It was, in that well-worn sporting cliché, a season of two halves: that is, if you call one half Sebastian and the other half Vettel.
In a 19-race season (shortened by one when the political unrest in the Middle East led to the cancellation of Bahrain’s Grand Prix), the 24-year-old German won 11 times and became the youngest driver ever to claim back-to-back World Championship titles.
Unlike his first title, stolen by a short head with a late dash to the line, the second was won in a canter. Mounted on another thoroughbred from the seemingly inexhaustible stable of Red Bull Racing design wizard Adrian Newey, Vettel made all the early running – five victories in the first seven races – and added five more in another withering six-race burst between Belgium and India in the second half of the season to seal victory. He was World Champion with four races remaining.
Vettel was poised if not to break, then at least to equal, Michael Schumacher’s all-time record of 13 wins in a single season, but a rare failure to finish in Abu Dhabi – a tyre blew as he led the field away on the first lap – and a gearbox gremlin that saw him finish ‘only’ second in the last round in Brazil meant he had to content himself with another outright record instead.
That was for the number of pole positions claimed in a single F1 season, which stood at 14, a mark set by Nigel Mansell in his all-conquering year with Williams Renault back in 1992. Pole position for the Brazilian race was Vettel’s 15th of the year.
That apart, it was another year of outright domination by F1’s ‘Big Five’: Vettel and his Red Bull teammate Mark Webber, McLaren Mercedes duo Lewis Hamilton and Jenson Button, and Ferrari flag-bearer Fernando Alonso.
Among them they claimed all 19 race victories, all 19 poles and all but two fastest laps – the usurper there was Felipe Massa in the sister Ferrari with two of his own in an otherwise forgettable season for the Brazilian, the first Maranello driver to fail to score a podium since Ivan Capelli, also way back in `92.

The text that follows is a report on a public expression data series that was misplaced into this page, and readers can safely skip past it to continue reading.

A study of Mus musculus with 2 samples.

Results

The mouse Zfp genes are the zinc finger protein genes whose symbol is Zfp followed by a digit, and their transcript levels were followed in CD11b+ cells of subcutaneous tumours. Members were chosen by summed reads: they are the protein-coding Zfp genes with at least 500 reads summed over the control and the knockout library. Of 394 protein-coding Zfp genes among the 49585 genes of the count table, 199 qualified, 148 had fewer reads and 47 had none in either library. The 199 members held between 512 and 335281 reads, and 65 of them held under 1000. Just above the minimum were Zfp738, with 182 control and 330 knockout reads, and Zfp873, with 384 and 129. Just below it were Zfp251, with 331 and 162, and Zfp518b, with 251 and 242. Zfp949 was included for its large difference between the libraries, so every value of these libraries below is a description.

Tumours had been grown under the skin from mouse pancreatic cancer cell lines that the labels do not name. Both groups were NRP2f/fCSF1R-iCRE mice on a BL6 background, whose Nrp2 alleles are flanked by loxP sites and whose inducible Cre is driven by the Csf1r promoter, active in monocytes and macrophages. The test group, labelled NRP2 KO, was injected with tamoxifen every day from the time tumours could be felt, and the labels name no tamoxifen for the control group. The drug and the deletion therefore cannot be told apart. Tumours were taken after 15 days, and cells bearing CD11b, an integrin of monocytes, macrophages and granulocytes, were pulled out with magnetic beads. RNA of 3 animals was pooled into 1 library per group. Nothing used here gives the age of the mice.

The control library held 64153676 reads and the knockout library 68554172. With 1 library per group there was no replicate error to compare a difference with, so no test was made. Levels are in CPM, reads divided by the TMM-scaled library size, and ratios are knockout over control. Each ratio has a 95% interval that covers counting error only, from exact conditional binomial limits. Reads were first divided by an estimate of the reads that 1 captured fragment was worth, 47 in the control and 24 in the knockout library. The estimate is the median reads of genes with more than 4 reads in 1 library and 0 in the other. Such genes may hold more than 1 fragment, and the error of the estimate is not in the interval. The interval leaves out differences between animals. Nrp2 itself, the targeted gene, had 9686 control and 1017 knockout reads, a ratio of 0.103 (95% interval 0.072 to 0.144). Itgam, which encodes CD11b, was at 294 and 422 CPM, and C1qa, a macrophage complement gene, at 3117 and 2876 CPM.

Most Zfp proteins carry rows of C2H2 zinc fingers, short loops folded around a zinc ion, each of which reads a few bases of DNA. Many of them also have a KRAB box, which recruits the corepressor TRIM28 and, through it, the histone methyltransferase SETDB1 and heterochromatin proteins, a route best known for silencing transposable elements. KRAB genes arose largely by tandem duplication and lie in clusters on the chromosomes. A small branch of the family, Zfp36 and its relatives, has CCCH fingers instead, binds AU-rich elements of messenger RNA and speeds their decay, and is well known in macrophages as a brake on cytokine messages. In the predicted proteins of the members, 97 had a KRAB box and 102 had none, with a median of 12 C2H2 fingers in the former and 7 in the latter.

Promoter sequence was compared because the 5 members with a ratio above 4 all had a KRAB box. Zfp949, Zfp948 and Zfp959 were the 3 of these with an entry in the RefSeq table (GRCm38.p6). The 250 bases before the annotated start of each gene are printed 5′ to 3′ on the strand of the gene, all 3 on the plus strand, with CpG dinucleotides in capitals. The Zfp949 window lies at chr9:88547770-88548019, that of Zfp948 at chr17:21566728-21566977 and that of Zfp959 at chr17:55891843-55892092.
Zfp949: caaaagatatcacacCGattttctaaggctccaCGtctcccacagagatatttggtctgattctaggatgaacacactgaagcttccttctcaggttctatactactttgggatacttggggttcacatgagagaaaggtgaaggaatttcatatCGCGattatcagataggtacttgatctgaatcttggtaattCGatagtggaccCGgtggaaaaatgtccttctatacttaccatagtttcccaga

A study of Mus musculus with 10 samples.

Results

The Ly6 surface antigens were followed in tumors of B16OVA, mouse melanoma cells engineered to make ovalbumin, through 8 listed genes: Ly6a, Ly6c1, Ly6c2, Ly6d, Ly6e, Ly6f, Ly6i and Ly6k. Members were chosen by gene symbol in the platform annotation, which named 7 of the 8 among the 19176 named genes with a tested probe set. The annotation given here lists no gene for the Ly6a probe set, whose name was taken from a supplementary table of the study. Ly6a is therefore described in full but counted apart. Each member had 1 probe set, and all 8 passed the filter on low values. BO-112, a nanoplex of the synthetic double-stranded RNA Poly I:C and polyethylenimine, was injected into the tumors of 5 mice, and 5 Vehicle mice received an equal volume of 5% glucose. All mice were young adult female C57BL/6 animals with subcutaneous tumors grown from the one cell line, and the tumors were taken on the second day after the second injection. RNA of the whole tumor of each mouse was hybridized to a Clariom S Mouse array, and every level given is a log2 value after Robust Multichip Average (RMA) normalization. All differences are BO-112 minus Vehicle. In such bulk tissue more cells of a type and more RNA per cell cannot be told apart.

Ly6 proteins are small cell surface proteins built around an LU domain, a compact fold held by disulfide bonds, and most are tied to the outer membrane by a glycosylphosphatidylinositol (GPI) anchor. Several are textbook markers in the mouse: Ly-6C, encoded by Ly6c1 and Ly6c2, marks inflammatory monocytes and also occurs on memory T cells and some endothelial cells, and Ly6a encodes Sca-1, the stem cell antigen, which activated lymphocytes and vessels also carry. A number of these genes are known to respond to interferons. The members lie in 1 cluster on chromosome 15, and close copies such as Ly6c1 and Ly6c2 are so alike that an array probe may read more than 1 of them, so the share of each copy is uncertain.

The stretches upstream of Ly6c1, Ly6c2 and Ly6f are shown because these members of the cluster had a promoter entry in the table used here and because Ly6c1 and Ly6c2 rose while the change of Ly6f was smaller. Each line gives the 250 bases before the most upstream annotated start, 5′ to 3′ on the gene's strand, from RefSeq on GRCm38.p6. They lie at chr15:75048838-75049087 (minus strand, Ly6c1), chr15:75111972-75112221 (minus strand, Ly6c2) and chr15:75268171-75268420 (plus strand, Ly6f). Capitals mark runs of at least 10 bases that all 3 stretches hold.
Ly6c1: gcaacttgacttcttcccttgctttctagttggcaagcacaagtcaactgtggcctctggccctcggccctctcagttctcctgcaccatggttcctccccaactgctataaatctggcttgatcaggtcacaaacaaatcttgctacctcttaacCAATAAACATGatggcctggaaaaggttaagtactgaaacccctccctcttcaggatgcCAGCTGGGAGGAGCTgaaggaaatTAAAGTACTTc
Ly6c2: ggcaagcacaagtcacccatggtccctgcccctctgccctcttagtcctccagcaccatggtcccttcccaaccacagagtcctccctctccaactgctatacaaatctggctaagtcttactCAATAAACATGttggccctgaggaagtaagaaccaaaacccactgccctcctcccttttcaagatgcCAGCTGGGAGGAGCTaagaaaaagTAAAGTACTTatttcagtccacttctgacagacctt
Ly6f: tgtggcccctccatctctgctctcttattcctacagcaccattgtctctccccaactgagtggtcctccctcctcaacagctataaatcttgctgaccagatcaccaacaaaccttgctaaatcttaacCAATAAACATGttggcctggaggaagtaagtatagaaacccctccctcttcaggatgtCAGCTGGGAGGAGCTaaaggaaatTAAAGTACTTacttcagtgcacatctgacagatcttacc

Speaking of podiums, the Big Five almost monopolised those as well. Of the 57 podium places on offer, just two went to other men: Vitaly Petrov, third for Renault in Melbourne’s season-opening race, and Nick Heidfeld, also for Renault, at the very next race in Malaysia. Renault, though, went backwards, and now they have turned to the returning former World Champion Kimi Raikkonen for 2012 in a bid to restore fortunes severely dented by the loss of Robert Kubica to long-term injury.
Behind Vettel the unwanted ‘best-of-the-rest’ accolade must go to Button. At 31 the 2009 World Champion finds himself in a mature, well-ordered and confident place – so much so that he became the first teammate ever to beat Lewis Hamilton. Both men scored three race wins, but Button’s consistency earned him second place overall and a prolonged contract at McLaren.
For Australian fans the good news is that Mark Webber finally won a 2011 race at the final round in Brazil – the first time the popular Aussie had won more than once at any World Championship venue.
Arguably, too, it was Webber who provided the most memorable moments of the year, mainly, it seemed, in his duels with Alonso – two men at the height of their powers with unfailing trust in each other to do the right thing. Who could forget Webber’s steely resolve as he passed the Ferrari flat-out through the awe-inspiring Eau Rouge corner at Spa-Francorchamps? Seven fastest race laps also suggest Webber still has the pace to go with a commitment that burns as fiercely as ever as he enters his 11th season at the pinnacle of world motor sport.